LEXINGTON, Ky. (April 10, 2018) — The intentional destruction of Frankfort’s tallest building, the Capital Plaza Tower, by implosion on March 11 created a public and media spectacle, watched by thousands who gathered near the site and others who saw it on live television broadcasts. For seismologists at the Kentucky Geological Survey at the University of Kentucky, the event provided an opportunity to record earthquake-like waves from a scheduled event, using three seismic instruments situated an average of about 1,300 feet from the tower and a fourth one about 2.5 miles away to record weaker ground motions.
Kentucky Geological Survey (KGS) has published the findings from its monitoring of the event in an 11-page report, “Ground Motions Induced by the March 11, 2018, Implosion of the Capital Plaza Tower, Frankfort, Kentucky.”
With the permission of a couple of landowners, a private business and a state agency, the temporary instruments were set up a few days before the implosion and removed shortly afterwards. A high-speed video camera was also used to record the 10 explosions that weakened and collapsed the 28-story building. That allowed the KGS scientists to correlate the seismic readings with each blast and the building’s impact with the ground.
All of the temporary instruments recorded each explosion and the building impact, but other sensitive instruments around Kentucky in the KGS Seismic and Strong-Motion Network also detected the event. A station in Floyd County, Kentucky, 121 miles away from the implosion, recorded slight motions from the building’s collapse.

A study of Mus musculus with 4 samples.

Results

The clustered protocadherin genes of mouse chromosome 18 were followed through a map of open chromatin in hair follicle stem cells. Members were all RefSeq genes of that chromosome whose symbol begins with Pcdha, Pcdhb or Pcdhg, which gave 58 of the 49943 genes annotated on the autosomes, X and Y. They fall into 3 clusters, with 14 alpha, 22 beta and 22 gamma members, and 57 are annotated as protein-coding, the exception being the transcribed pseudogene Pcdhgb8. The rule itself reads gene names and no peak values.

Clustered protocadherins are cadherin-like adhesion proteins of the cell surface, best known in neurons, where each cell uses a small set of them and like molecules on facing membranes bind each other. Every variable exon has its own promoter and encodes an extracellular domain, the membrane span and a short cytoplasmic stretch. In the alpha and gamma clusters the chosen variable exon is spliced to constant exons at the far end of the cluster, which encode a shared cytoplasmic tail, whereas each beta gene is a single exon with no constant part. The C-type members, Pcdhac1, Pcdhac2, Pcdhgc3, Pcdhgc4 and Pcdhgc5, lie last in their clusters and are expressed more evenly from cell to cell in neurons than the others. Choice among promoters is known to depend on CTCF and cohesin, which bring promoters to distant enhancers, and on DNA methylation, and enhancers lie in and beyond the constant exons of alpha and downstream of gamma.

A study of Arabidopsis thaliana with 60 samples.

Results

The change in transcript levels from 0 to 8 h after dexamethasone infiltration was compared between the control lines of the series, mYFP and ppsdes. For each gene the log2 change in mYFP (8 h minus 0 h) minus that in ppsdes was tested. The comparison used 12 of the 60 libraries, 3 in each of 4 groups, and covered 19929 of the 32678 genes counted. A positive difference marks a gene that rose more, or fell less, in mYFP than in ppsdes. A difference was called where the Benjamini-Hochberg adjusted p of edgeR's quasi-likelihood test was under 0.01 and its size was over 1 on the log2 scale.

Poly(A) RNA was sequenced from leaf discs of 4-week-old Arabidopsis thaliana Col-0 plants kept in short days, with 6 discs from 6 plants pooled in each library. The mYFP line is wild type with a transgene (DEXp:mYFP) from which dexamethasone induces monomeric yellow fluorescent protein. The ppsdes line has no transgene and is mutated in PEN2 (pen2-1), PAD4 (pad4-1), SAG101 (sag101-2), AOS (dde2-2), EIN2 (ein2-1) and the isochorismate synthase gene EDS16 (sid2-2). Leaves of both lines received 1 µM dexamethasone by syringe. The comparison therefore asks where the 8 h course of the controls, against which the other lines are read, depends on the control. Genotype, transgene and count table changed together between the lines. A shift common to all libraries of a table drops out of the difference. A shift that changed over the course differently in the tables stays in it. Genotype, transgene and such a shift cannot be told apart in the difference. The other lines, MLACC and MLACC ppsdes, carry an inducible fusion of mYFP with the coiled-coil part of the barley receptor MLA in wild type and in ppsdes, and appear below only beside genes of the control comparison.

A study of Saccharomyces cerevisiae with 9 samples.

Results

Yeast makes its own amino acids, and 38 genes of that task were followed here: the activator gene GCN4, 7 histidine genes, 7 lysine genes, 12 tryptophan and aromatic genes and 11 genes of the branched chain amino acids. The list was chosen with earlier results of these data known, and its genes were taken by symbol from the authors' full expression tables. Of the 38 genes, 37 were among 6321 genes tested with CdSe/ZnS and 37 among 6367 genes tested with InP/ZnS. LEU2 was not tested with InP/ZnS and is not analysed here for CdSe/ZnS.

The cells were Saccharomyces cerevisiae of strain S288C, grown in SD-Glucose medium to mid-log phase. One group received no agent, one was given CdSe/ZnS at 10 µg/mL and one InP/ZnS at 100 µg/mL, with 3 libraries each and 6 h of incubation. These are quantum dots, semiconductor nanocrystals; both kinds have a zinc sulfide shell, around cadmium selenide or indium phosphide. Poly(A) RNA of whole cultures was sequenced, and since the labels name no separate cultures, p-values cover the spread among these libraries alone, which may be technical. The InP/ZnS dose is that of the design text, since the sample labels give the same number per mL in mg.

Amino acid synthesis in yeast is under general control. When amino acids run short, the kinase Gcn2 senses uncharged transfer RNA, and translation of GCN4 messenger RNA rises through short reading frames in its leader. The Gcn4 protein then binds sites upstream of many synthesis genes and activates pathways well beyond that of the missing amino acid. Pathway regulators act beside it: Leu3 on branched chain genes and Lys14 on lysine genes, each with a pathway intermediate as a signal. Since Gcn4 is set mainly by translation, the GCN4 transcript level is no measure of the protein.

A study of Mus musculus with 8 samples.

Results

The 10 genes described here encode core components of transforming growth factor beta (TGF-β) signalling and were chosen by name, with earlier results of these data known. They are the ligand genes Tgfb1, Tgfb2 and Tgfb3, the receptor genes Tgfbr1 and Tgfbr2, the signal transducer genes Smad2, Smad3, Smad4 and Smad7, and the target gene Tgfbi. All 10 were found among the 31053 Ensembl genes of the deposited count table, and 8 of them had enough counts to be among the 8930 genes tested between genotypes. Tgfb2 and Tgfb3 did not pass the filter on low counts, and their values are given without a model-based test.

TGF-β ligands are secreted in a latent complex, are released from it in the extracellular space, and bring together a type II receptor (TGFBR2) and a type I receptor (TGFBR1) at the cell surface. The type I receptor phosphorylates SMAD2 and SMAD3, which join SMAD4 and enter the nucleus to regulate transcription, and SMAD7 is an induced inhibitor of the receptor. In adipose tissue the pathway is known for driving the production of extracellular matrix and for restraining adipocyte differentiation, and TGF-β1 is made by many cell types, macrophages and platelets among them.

Although seismic waves induced by the collapse were detectable at such large distances, among the findings in the report is that in downtown Frankfort “shaking from the event was not likely felt by people, and damage to the built environment was unlikely at the distances of the KGS recording stations.” Analysis of these recordings also showed that there were higher ground-motion accelerations on soil than on rock in the vicinity of the tower. This indicates that, in the event of a nearby, strong earthquake, shaking would be amplified in parts of downtown Frankfort because much of the area is on silt and clay-rich soils associated with the Kentucky River, which flows through downtown. Such soils may amplify earthquake waves and cause stronger shaking on the surface.